LEI Suggests Recovery May Be In The Cards
August 20, 2001
By now anyone following monthly data that flows from the federal government and other sources knows that when it comes to finding that one rainbow pointing to an economic recovery for the U.S., one week everybody is smiling and the next week they're down.
This week, at least so far, some are starting to grin.
Yesterday, a future gauge of the economic health of the United States showed improvement for the fourth month in a row. The Leading Economic Indicators increased 0.3% in July, beating analysts' expectation of a 0.1% increase.
The New York-based Conference Board reported five of the 10 components that make up the index rose in July, led by the money supply, jobless claims and the Treasury yield curve. Three of the remaining components -- stock prices, building permits and slower deliveries -- suffered drops. The other two components were unchanged.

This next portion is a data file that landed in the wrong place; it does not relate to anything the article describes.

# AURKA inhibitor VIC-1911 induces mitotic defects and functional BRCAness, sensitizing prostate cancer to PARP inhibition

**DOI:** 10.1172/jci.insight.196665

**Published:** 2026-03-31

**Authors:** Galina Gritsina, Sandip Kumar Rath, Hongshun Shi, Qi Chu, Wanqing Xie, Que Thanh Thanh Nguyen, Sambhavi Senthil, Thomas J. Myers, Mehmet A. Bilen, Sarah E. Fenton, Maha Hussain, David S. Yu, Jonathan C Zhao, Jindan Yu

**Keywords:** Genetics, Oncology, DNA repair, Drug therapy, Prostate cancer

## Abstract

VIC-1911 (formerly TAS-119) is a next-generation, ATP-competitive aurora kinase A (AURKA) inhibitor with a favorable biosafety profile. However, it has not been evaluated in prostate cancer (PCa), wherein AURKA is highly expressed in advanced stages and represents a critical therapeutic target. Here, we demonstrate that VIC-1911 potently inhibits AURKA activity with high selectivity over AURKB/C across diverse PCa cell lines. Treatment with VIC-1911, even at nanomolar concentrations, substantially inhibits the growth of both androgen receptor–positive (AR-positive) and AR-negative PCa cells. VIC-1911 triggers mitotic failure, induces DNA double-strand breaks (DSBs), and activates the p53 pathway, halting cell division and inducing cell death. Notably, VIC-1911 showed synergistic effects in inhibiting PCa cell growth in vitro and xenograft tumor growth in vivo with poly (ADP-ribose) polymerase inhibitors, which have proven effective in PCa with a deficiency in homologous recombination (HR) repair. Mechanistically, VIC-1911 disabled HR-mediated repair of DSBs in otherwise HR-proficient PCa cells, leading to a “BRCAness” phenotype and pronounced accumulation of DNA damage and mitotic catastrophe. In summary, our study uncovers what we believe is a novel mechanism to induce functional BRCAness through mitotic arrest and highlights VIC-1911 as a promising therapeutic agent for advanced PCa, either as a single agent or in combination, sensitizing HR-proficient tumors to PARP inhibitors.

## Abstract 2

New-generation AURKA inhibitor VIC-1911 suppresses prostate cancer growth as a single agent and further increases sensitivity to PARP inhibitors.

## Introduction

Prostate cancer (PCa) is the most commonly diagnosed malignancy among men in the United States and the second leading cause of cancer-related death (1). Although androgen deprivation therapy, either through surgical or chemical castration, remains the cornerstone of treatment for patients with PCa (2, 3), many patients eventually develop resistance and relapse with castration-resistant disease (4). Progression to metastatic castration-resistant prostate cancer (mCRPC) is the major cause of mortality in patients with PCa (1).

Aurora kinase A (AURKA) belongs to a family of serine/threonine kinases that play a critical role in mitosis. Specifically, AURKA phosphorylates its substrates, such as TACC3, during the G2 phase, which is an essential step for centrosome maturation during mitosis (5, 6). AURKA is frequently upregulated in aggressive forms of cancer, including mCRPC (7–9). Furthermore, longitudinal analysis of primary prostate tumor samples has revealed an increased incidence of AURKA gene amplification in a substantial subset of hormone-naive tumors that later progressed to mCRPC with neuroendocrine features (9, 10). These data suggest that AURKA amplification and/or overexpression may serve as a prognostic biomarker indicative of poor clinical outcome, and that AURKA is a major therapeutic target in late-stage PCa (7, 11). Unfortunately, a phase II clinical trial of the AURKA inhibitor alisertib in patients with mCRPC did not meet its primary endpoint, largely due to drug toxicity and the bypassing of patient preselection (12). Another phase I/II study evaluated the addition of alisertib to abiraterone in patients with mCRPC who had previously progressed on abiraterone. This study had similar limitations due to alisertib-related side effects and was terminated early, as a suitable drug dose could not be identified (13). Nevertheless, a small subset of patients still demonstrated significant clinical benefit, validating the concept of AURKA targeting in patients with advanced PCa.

Newport Communications Senior Economist Jim Haughey says this is good news for trucking, because the four increases in a row mean there’s reason to believe the economy will grow steadily the rest of the year and pick up more next year.
“Freight volume should grow around 2%, and around 4% next year,” he said. “While this is far short of what was seen in the last few years, it's more of an average figure.”
According to Haughey, some areas of trucking will start to see a pickup in business before others.
“We should see gains in two areas very quickly. One is in the staple goods — grocery store, drug store and department store items. These have been a little weak lately because consumers got nervous. Two should be durable goods. Tax rebates are arriving in consumers' hands, and this should boost spending on items such as electronics, furniture, appliances and automobiles.”
However, Haughey cautions these areas could taper off in the fall once these rebate checks are gone.